Cincinnati Street Ry. Co. v. SnellAnnotate this Case
193 U.S. 30 (1904)
U.S. Supreme Court
Cincinnati Street Ry. Co. v. Snell, 193 U.S. 30 (1904)
Cincinnati Street Railway Company v. Snell
Argued January 14, 1904
Decided February 23, 1904
193 U.S. 30
The Fourteenth Amendment safeguards fundamental rights, and not the mere form which a state may see proper to designate for their enforcement and protection, and where such rights are equally protected and preserved, they cannot be said to be denied because of the forum in which the state deems it best to provide for a trial.
The mere direction of a state law that the venue of a cause under given circumstances shall be transferred does not violate the equal protection of the laws where the laws are equally administered in both forums.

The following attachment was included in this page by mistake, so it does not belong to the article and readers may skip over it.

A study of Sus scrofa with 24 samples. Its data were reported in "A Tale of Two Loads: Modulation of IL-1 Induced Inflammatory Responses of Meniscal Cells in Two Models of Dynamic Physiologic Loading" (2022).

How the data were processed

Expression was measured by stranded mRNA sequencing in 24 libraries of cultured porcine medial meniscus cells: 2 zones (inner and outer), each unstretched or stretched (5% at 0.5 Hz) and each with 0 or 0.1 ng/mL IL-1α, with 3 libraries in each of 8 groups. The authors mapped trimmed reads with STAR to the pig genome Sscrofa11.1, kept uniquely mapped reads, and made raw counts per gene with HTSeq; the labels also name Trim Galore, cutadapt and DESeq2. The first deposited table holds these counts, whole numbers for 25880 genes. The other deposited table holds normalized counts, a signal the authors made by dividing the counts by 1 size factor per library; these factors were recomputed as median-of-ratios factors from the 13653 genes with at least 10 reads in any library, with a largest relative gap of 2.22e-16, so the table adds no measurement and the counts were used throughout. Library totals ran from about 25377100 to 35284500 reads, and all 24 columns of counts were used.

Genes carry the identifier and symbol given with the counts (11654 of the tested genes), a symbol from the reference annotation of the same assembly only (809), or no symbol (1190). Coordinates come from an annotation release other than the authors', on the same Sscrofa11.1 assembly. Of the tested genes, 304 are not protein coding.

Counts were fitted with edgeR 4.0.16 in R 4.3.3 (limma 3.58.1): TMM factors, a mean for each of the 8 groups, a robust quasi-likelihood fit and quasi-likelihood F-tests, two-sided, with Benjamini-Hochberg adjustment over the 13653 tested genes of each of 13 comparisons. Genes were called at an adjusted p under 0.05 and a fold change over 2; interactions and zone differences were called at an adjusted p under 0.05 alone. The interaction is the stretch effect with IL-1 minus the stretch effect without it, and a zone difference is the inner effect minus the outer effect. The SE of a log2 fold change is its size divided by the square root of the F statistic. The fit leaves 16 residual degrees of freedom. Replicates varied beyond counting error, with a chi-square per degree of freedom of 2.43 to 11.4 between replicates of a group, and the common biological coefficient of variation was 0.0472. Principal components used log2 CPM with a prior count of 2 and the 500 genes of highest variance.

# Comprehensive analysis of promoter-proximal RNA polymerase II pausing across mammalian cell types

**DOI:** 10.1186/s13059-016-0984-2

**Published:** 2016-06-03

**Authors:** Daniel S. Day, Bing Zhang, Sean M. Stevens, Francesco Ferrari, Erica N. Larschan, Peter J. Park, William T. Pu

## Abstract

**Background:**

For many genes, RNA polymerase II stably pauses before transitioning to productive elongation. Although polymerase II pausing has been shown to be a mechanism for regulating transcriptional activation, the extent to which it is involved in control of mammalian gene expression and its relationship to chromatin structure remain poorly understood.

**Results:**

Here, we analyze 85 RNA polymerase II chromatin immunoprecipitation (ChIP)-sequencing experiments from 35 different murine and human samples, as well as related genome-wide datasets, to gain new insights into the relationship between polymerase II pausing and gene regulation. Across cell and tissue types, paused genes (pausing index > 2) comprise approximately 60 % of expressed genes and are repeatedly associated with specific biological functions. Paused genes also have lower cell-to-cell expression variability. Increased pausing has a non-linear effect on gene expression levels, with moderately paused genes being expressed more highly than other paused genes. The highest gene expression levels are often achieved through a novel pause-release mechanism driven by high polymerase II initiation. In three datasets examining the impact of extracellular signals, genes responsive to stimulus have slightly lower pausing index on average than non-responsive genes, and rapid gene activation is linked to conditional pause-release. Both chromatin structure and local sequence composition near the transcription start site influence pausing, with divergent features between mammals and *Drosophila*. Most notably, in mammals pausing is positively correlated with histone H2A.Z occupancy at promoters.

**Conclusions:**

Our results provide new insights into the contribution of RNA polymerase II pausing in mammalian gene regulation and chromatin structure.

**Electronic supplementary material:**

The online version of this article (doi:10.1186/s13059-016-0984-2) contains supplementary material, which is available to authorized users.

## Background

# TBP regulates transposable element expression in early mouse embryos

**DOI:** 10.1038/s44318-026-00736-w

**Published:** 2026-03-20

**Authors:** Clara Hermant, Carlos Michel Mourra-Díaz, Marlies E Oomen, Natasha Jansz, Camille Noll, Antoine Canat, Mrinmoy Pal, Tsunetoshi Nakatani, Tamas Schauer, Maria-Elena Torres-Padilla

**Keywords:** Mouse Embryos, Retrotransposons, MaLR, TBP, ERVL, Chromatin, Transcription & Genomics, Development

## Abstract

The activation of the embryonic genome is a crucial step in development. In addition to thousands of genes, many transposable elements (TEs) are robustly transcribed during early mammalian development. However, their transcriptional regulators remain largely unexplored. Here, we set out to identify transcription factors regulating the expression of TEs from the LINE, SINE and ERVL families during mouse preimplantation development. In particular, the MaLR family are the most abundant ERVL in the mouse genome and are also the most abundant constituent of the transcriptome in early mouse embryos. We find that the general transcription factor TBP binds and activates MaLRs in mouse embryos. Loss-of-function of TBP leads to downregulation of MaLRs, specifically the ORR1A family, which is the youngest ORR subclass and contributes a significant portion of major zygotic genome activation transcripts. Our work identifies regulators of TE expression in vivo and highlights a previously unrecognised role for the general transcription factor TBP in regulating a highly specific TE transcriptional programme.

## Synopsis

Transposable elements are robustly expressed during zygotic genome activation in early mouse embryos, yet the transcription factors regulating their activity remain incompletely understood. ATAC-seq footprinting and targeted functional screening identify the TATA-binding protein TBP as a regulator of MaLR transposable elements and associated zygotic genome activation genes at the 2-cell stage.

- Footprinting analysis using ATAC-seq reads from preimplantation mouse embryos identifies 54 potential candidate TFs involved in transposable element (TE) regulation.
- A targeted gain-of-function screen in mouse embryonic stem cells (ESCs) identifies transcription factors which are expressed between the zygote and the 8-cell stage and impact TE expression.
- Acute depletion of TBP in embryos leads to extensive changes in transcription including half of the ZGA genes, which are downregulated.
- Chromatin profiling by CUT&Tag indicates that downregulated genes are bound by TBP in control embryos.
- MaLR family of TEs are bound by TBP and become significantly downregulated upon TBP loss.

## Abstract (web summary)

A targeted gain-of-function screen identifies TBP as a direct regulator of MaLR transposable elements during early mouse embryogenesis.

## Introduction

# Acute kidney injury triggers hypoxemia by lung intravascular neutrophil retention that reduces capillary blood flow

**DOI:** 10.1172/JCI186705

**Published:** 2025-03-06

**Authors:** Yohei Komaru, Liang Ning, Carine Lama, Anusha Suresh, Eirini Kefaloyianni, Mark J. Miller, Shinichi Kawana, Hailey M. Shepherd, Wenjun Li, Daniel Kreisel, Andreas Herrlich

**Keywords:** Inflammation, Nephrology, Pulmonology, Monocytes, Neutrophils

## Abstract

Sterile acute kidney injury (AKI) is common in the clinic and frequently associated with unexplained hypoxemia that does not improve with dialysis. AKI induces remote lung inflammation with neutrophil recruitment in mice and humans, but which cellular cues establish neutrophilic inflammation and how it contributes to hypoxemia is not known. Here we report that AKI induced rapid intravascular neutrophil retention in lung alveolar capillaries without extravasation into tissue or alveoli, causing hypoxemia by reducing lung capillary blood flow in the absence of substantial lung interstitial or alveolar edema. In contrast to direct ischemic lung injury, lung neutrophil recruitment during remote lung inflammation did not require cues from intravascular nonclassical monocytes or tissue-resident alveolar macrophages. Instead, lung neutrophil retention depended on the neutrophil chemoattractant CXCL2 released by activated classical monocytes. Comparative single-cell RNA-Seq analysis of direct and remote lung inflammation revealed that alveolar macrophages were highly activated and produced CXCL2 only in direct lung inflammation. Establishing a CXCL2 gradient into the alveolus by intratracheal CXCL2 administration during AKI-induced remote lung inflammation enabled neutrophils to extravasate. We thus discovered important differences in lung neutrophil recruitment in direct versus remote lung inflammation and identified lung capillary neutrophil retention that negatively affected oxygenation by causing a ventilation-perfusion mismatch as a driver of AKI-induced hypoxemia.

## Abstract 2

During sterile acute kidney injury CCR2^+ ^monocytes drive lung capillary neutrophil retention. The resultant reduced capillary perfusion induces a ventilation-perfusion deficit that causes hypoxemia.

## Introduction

Section 5030, Revised Statutes of Ohio, providing for a change of venue under certain conditions, where a corporation having more than fifty stockholders is a party, is not repugnant to the provisions of the Fourteenth Amendment.
The facts are stated in the opinion of the court.
Official Supreme Court case law is only found in the print version of the United States Reports. Justia case law is provided for general informational purposes only, and may not reflect current legal developments, verdicts or settlements. We make no warranties or guarantees about the accuracy, completeness, or adequacy of the information contained on this site or information linked to from this site. Please check official sources.